Johannesburg: South Africa is falling further behind the world in fuel quality, and it’s hitting SA motorists where it hurts most: their pockets and their health.

July 2017 was the planned introduction date for a Clean Fuels policy which would have resulted in you breathing cleaner air and paying less at the fuel pumps, but the deadline has come and gone while the government dithers.

The idea was to upgrade South Africa’s oil refineries from producing so-called Euro level 2 fuels to Euro 5, the high-quality grades sold in Europe and other first-world markets. The Euro 2 stuff produced locally is not only dirtier but also requires some modern engines to be adapted to be able to run on it.

Since it’s an expensive job to upgrade refineries to produce cleaner fuel, the local oil industry hasn’t done it voluntarily which is why in the 2013/2014 budget the then Minister of Finance announced a R40-billion allocation for it. But the plan seems to have been put on the back burner with government clearly deciding there’s better ways to spend (loot?) the money.

There’s no question that introducing Euro 5 fuel is a priority for any government concerned about the health of its populace. For starters the fuel is cleaner. It has lower levels of benzene and sulphur than current fuel and emits less CO2 and other hazardous gasses that are harmful to human health and the environment.

15 years behind

Secondly, clean fuels would avoid the need to adapt many modern new vehicles to our lower fuel quality. Currently, adjustments are required to engine management systems, drive trains, and exhaust systems.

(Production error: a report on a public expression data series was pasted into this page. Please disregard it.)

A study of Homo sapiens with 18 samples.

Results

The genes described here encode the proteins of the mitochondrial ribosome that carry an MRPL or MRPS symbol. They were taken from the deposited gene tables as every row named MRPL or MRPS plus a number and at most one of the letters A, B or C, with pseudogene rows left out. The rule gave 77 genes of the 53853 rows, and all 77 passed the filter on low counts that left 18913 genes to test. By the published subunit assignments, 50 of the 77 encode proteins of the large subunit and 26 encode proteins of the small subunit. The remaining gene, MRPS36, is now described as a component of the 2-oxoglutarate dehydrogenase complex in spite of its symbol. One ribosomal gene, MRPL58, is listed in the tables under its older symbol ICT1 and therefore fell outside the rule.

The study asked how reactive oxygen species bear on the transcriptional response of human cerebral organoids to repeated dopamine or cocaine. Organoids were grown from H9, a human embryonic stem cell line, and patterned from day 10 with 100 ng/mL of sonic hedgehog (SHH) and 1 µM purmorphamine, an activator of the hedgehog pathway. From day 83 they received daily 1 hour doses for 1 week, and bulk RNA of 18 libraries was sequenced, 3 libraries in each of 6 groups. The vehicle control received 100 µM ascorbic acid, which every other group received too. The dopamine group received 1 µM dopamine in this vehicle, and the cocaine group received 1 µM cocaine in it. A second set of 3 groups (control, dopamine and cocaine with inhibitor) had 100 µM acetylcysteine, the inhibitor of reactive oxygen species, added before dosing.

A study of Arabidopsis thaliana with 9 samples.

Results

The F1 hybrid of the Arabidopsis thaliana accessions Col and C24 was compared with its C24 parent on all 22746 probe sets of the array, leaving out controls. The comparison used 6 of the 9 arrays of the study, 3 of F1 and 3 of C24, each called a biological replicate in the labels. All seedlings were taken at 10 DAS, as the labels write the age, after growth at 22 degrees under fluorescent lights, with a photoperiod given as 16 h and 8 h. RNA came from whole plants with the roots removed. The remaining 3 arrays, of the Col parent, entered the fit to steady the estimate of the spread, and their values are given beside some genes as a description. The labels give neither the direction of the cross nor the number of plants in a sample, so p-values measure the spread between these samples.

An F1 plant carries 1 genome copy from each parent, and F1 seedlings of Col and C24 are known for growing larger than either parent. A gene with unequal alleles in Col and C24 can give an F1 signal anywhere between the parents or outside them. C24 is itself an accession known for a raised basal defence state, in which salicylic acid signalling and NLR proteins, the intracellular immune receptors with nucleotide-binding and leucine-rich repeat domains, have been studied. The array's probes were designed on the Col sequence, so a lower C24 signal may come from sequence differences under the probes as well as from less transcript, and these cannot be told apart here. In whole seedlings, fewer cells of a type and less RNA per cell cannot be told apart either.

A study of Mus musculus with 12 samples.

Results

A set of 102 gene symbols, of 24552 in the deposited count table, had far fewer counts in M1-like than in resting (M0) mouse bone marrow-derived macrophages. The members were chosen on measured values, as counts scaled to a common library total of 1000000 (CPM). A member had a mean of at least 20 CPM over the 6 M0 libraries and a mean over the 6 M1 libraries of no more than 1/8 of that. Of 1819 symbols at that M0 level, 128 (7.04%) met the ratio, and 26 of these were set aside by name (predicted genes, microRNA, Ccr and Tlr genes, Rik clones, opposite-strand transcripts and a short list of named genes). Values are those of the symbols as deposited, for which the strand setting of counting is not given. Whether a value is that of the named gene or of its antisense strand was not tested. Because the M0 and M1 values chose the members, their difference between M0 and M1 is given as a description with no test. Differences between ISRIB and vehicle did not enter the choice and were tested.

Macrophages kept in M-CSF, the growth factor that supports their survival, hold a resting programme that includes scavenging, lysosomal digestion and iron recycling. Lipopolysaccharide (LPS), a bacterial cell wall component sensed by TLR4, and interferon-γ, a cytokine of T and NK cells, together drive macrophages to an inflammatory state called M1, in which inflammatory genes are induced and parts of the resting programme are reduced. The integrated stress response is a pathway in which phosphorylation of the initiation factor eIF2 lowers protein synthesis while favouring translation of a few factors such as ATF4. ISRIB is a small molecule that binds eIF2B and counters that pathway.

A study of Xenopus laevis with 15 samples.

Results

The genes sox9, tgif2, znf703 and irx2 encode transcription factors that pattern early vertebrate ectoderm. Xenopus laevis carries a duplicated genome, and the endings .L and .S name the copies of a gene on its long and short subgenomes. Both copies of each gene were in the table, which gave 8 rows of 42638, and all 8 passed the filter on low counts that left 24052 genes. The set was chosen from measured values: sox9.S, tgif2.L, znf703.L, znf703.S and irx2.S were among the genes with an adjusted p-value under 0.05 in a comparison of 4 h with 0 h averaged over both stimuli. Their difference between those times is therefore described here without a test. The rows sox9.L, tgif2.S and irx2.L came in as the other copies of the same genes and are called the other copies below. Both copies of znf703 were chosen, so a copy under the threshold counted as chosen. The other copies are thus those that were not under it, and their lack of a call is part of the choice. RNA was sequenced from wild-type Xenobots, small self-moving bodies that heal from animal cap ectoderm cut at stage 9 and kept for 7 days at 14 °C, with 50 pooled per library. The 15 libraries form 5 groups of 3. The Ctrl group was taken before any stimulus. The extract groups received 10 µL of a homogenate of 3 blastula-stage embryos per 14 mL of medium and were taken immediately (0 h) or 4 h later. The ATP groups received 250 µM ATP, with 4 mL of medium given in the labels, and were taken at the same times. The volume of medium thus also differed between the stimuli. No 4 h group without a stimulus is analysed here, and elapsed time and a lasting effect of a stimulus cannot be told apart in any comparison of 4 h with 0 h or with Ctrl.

Also, having to build export vehicles for high technology markets as well  as vehicles for our low technology market is inefficient and negatively impacts on our vehicle manufacturing industry’s global competitiveness.

It leaves South Africa about 15 years behind the rest of the world in terms of fuel standards and quality. But government seems more interested in milking the motorist cash-cow than worrying about our health.

Back in 2010 government introduced a CO2 tax – the so-called ‘green tax’ – where any car emitting more than 120g of carbon dioxide per kilometre was taxed at R75 per gram.

It was ostensibly a plan to reduce air pollution by incentivising the production of cleaner-burning cars, but motor companies are simply passing on the CO2 tax cost to their customers. The great majority of vehicles sold in SA are over the 120g limit, and the tax raised car prices by about two percent on average.

Tipping point

A  plateau has been reached in terms of reducing CO2 emissions with existing engines. This means that to make cars run any cleaner requires cleaner fuels.

According to Naamsa (National Association of Automobile Manufacturers of SA), we’re now reaching a tipping point. New-technology engines being introduced in Europe in 2018, featuring four-way catalytic converters, will no longer be able to run on our jungle juice. We’ll either be denied access to the latest low-emission cars or they’ll need expensive reverse engineering. In the end it hits you and me in our pockets, and in our lungs.

This delay in introducing clean fuels leaves us questioning just how committed our leaders really are to cleaning up the air or saving motorists money.
Introducing clean fuels would reduce the CO2 outputs (and prices) of cars, but earn less tax for the government. You do the math.